Here's how KOSU is celebrating Black History Month in 2022
In honor of Black History Month, KOSU is featuring several hours of special shows celebrating the history and experience of Black people every Sunday in February.
Sunday, February 6 at 3-4 p.m.
Witness: Black History Month from the BBC
A special hour-long edition of Witness History from the BBC World Service, bringing together some incredible interviews looking at the African-American experience. Told by people who were there, we hear stories that are fascinating, harrowing, and inspiring.
Segments include: The Tuskegee Syphilis Study, American new pioneer Dorothy Butler Gilliam, Nelson Mandela in Detroit, Nasa's pioneering black women, The "Godfather of Gospel Music" and what the Confederate flag represents in America's battle over race.
Sunday, February 13 at 3-4 p.m.
Selected Shorts: Celebrating Toni Morrison
Guest host Tayari Jones (New York Times bestselling author, most recently of the novel An American Marriage) helps us to celebrate Toni Morrison, the American master who died in 2019. Morrison's novels, including Beloved, Jazz and Song of Solomon, have become an indelible part of the American canon. Her fierce, poetic visions earned her the Pulitzer Prize, the Nobel Prize, and the Presidential Medal of Freedom. She was also an editor, advocate, teacher, and mother.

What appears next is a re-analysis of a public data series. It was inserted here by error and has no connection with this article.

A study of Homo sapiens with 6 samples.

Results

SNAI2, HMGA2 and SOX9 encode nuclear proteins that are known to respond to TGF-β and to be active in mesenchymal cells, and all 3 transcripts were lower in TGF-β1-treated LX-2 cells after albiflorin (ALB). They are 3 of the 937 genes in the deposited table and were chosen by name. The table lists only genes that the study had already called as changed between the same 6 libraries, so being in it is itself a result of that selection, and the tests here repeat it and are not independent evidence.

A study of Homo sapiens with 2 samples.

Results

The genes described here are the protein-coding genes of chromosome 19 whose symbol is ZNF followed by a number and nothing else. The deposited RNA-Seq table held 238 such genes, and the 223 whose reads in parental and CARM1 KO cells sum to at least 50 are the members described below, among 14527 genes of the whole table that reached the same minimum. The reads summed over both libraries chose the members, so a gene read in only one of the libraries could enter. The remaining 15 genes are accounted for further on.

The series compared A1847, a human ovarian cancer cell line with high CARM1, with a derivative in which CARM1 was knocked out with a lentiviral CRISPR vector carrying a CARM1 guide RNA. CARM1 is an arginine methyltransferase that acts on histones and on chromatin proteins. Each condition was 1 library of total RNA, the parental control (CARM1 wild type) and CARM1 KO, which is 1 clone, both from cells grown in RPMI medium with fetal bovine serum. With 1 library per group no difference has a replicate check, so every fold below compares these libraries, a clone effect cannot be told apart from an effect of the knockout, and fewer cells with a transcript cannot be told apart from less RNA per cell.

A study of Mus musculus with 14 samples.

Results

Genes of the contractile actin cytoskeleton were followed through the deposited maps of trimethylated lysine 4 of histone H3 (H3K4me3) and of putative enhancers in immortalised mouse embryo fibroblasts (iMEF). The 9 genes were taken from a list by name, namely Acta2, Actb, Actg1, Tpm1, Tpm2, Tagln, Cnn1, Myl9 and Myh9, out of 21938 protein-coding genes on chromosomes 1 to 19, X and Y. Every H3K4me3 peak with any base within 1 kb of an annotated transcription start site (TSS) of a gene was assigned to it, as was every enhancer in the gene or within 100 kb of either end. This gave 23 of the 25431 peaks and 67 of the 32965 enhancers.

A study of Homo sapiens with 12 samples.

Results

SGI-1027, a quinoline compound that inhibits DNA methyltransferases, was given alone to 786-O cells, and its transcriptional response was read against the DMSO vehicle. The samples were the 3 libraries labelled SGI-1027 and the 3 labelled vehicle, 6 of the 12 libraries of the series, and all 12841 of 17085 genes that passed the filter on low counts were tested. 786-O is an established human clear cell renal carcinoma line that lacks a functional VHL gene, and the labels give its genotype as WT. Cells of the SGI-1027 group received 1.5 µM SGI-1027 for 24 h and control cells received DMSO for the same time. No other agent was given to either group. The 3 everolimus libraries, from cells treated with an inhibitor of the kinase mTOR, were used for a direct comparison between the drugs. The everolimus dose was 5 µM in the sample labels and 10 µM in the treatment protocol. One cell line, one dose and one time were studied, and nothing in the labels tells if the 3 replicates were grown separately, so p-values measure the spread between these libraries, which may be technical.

This program features her essay “A Knowing So Deep,” read by Jones; an excerpt from The Bluest Eye, read by Tony Award-winner Anika Noni Rose; an excerpt from Jazz, read by Emmy and Golden Globe winner S. Epatha Merkerson; “Sweetness,” read by NAACP Image Award winner Phylicia Rashad, and a tribute by Morrison’s close friend Fran Lebowitz.
Sunday, February 20 at 3-4 p.m.
Focus: Black Oklahoma
The monthly news and public affairs program Focus: Black Oklahoma focuses on topics relevant to Oklahomans across the Black diaspora. In the meantime, subscribe to the podcast and listen to past episodes.
Sunday, February 27 at 3-4 p.m.
The Black History of the Banjo
The Black History of the Banjo traces the history of this most American of instruments from its ancestors in West Africa through the Caribbean and American South and into the present, as a new generation of Black women artists reclaim the banjo as their own. Rhiannon Giddens, Bassekou Kouyate, Bela Fleck and more talk claw-hammers, trad jazz, Appalachian folk, African ancestors and the ongoing story of American music, which would be woefully incomplete without a Black history of the banjo.
NPR Celebrates Black History Month
NPR has compiled a list of stories, music performances, podcasts and other content that chronicles the Black American experience.
You can find all of that throughout February here.
NPR Music will feature performances and playlists by Black artists like El Debarge, Alexis Nelson, Catherine Russell, Too $hort, Patti Labelle, Kirk Franklin and Pastor Shirley Caesar.